Wednesday, March 20, 2013

Old Running Memories - Blossom Time Run

Back while I was in law school, I began running races.  A little 5k here and there with the one near-disastrous first marathon throw in for good measure. I don't give much thought to the those shorter distance races from that time period, even though it is not intentional.

Looking over some unrelated papers from around that time period last night with a good friend my memory was jogged (ha) about a race I did three consecutive years with some friends in the greater Cleveland area.  Called the Blossom Time Run, it was an odd-distance 5.25 mile race in Chagrin Falls, always right around my birthday. I remembered running it twice but when looking for the results, was shocked to find out I had indeed run thrice. Memories began flooding back to me about this course and those races.

I remember the race more or less shutting down the entire city of Chagrin Falls as well over 1000 people ran it in the years I did (2000-2002.)  I recall the race being rather hilly for the two miles or so while sloping down to the finish with rolling hills the rest of the way. The paper entry form also contained the course map of such a rudimentary throwback nature you could not help but love it.  In fact, here are the course directions:

"Walkers turn right on South Street, while the runners continue out on Chagrin Road to their first right on Catsden, down to County Lane turning right, up to S. Franklin St., turning right again to the finish."

That's it. Now, you have to remember I was in law school all three years I ran this race.  So when reading it I wondered if there was a second left on Catsden or was this just the first right we could make? Does County Lane turn right and we follow it or does it continue on and we make the turn?  Will Franklin Street be up a hill or is the midwest version of "up" meaning either "north" or just "continue along"? Why right "again" to the finish?  Needless to say I had so many darn questions.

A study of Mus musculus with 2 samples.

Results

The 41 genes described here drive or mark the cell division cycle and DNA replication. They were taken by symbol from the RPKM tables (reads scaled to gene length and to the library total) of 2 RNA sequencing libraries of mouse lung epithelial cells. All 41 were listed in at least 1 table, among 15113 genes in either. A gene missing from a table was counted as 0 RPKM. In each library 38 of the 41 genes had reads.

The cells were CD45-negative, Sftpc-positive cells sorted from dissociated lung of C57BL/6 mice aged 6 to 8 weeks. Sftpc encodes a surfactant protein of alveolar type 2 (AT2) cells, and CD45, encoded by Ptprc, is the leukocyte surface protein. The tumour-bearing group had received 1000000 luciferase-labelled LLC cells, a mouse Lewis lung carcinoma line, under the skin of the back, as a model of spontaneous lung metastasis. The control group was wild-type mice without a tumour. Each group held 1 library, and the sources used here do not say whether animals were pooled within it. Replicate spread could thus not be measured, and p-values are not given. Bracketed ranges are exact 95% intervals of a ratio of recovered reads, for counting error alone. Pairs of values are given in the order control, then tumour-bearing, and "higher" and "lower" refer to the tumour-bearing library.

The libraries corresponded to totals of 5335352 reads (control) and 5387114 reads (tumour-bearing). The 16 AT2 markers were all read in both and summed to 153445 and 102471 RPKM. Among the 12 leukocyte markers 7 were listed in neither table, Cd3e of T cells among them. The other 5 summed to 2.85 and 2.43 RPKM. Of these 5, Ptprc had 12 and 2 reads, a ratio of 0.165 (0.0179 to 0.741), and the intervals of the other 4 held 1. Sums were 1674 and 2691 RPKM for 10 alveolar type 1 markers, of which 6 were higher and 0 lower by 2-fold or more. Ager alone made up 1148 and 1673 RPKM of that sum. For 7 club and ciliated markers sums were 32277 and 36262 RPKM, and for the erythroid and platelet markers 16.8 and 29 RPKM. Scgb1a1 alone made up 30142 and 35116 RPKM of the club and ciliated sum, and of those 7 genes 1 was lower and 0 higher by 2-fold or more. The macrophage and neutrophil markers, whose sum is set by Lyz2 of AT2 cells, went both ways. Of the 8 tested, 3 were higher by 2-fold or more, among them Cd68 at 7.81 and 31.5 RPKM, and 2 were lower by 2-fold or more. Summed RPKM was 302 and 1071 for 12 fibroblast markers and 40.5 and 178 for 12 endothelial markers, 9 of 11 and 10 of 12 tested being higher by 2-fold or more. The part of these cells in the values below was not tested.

One thing was for sure and that was I was indoctrinated into how, as many runners get older, they get better. Some memories:

*In 2001, at the age of 24, I ran this 5.25 miler in a time of 34:56 at a 6:39 place.  I took 84th place overall and finished third in my age group. I distinctly remember that both guys who beat me were 25 years old and would be moving up an age group.

*In 2002, at the age of 25, I improved greatly running a 33:07 at a 6:18 pace.  However, one dark horse youngster came out of nowhere to steal first place in my age group and I settled for second. Drat.

*In 2003, besting my previous year with a 32:59 at age 26 (I pushed so darn hard to go under 33 minutes that I remember dry-heaving), only left me with a disappointing 5th place in my new tougher age group. I used to have video of this and probably still do somewhere.  Unfortunately, it is on actual "tape" and lord knows if it has degraded over time. That last little uphill was a killer.

* I also vividly recall my best friend Scott Baker, the one who introduced me to the race, running a time slightly slower in his second year than the first before knocking a full minute off in the third year. Then promptly saying he was never running again. (Not true by the way.)

I am happy to see the race is in its 37th running this year. Even with chip-timing the race is done for a measly $20 at its registration. When was the last time you paid $20 for a race?  I am pretty sure you also get a t-shirt (or did when we ran.) and there were clocks at every mile.

 I do hope to get back to it sometime. It would be a great test of fitness to see where I stand now.  By all accounts I should be able to run close to 31 minutes or so. It would be fun too know that a decade later I am still getting faster on some courses.

That is what is so wonderful about this sport of running. I see why people go and run the same courses year after year.  It is not my bag to do that all the time as I love seeing the country and exploring all the wonderful races that the world has to offer.  But familiarity and being able to compare yourself against the years aare too wonderful yardsticks.

What do you say, Scott? Wanna shoot for 2014?